Degobah System, October 26 – The Grand Rabbi of the Degober Hasidim passed away last week, but his followers remain unable to give him a proper funeral because they cannot locate the body.
Reb Yoda, as he insisted on being called, died in his home, but his disciples have been unable to make the proper funeral arrangements since the body’s apparent disappearance. Ritual procedure calls for a Taharah, or purification, to take place before interment, a process that obviously cannot be done in the absence of the deceased.
The Degober Rebbe was one of the most venerable and influential teachers of his time, counting among his disciples two generations of the Himmelwalker family. He published only one work, called Hashovas Vader, a philosophical treatise on confronting evil and bringing it to tikkun, but spoke prolifically on spiritual principles, coining a number of aphorisms that are still quoted frequently by his devotees.
Famously short, the Degober would use his diminutive proportions to remind his followers that physical dimensions give no indication of a person’s greatness, potential, or power. “Size matters not – judge me by my size, do you?” he would say.
On other occasions he would take a sterner tone, admonishing people not to fall prey to artificial distinctions. “No – not different. Only different in your mind,” he was heard to say on a number of occasions. To those unable to assimilate the lesson, their professions of disbelief would be met with a blunt, “That is why you fail.”
Although congenial and warm to all who met him, the Degober Rebbe was known to have little patience for what he deemed corruptions of the True Path, and for those who sought compromise with the Evil Inclination, to which he referred as the Dark Side. “Jew or Jew not; there is no Frei,” he pronounced.
Reb Yoda was born approximately 900 years ago, and was considered a prodigy from the tender age of 100, when he began instructing others. His parents sent him to study at the prestigious academy at Moaisli, Lithuania, where he stood out even among the great minds.There he earned a reputation as an expert in Family Purity, saddling him with a nickname he disliked, Captain Needa. Eventually Reb Yoda had a falling out with Mosaisli, and a disciple would later refer to it as, “a wretched hive of scum and villainy.”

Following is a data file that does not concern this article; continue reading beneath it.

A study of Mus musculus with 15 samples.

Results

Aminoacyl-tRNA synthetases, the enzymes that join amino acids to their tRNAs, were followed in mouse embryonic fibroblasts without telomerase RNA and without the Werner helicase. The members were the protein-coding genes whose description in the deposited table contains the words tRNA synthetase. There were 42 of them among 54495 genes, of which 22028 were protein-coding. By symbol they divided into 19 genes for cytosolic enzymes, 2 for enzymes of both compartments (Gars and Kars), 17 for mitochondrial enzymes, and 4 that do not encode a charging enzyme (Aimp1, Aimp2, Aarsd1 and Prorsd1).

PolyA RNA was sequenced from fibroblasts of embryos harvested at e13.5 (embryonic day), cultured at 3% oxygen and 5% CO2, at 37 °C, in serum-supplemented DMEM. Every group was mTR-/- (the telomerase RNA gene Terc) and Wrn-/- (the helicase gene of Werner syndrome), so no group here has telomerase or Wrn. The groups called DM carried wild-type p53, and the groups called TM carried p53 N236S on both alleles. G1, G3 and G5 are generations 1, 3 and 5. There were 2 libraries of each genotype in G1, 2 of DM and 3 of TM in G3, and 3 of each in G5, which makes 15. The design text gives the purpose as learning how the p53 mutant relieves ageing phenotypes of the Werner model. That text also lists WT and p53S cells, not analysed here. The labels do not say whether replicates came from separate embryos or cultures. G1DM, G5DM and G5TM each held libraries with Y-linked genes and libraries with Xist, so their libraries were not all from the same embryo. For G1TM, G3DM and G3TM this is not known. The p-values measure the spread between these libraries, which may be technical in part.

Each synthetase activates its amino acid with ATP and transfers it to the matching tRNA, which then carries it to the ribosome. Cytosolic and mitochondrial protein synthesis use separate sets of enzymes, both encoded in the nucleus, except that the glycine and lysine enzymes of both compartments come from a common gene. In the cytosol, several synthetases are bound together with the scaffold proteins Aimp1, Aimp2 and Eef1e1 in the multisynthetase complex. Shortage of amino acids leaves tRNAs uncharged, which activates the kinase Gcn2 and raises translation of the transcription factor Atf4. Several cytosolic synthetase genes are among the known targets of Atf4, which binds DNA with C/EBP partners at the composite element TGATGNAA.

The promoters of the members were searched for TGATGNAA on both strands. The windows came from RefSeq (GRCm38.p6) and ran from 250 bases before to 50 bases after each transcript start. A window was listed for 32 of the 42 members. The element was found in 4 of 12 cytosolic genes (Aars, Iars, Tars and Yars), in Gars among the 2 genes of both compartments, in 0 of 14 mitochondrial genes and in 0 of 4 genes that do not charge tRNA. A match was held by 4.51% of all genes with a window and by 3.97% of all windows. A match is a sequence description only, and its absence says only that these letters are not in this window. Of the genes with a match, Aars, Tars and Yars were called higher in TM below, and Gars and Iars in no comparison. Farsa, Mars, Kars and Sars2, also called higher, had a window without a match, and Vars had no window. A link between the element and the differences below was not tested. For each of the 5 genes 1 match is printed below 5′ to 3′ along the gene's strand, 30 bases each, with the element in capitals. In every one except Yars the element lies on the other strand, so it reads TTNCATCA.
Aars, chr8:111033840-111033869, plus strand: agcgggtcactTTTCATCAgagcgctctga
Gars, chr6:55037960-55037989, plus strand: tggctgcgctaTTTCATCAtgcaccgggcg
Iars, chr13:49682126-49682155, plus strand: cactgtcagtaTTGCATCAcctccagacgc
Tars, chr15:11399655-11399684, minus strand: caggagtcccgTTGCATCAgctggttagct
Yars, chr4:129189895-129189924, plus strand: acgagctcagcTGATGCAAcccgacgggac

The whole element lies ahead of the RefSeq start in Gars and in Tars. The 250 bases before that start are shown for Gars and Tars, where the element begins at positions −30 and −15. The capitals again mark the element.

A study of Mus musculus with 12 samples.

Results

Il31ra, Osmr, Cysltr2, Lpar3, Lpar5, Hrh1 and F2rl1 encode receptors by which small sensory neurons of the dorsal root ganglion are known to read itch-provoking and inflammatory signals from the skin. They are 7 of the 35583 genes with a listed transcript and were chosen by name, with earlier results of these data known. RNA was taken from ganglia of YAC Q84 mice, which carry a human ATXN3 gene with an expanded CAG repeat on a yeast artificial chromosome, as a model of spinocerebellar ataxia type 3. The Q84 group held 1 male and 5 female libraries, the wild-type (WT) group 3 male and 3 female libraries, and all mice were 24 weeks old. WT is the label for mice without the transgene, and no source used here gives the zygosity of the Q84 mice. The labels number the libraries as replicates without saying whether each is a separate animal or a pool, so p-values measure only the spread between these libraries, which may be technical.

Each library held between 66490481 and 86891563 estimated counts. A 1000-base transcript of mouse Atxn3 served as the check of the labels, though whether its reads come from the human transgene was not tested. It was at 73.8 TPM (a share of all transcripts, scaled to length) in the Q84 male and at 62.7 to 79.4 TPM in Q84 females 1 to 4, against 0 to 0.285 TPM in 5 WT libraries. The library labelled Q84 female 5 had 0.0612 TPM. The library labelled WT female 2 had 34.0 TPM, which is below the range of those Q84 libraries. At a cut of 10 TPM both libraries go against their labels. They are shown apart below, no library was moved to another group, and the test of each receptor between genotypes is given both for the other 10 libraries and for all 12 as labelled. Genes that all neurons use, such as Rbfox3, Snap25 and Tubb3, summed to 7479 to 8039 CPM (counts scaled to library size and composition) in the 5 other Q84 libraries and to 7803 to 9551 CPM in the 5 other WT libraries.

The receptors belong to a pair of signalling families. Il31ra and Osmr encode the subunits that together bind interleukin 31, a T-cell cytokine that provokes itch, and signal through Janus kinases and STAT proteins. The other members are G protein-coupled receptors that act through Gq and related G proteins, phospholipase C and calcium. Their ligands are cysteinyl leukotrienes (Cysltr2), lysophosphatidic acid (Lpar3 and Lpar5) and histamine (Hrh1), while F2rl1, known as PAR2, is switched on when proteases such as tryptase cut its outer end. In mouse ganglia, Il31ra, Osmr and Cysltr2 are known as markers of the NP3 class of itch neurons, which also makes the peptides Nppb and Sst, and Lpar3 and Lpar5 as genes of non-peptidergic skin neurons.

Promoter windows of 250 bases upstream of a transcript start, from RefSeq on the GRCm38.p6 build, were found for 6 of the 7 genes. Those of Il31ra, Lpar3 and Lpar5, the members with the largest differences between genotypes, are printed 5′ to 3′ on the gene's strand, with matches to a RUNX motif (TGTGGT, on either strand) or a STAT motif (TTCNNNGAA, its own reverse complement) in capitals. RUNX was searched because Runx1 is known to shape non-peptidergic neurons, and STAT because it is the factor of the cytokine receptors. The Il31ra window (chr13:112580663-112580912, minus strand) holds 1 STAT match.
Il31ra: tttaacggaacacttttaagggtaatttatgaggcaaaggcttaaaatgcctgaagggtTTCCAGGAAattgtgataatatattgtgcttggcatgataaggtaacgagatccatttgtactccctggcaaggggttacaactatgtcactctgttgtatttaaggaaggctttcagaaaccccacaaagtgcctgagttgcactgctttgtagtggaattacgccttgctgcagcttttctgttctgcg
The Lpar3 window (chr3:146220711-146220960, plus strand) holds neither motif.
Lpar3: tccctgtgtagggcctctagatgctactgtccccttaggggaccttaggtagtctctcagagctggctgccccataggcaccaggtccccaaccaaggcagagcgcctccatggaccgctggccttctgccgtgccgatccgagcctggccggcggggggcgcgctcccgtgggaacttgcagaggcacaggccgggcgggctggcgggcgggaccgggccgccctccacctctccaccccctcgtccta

The Degober then earned his Yavin Yavin ordination, which certified him as competent to adjudicate points of Jedish law beyond the authority and expertise of most scholars, including arcane questions regarding the korbanite procedures of the sacrificial service. He weighed in on a property dispute between communities, providing the decisive argument and winning him the Endor-sement of all the leading authorities of the time and the Ewok-Smachos Award.
Reb Yoda’s simple lifestyle won the admiration and emulation of others, and attracted several prominent followers. He instructed one of them, Ben Cohn, to design a simple brown frock with a broad sash, or obi, a style that soon grew popular among Degober Chasidim and became known as the Ben Cohn Obi. However, the materials necessary for the outfit were contraband at certain times, forcing the Hasidim to hire smugglers aboard the Streimelennium Falcon to secure a supply. When Cohn was killed Al Kiddush Hashem on a mission with the ship, his body was similarly unavailable for burial.
The Degober’s popularity brought jealousy from some quarters, and philosophical opposition. In particular, the Palpatiner Chasidim derided the Degober position on the use of Force.
Also prominent among the Degober’s followers was a young man whose father was unknown into the man’s adulthood. The Degober ruled that he must remain single until his parentage was established beyond a doubt, lest he unknowingly marry a woman who turns out to be his sister, and their offspring be rendered mamzerm.
For more of David’s silliness, visit PreOccupied Territory.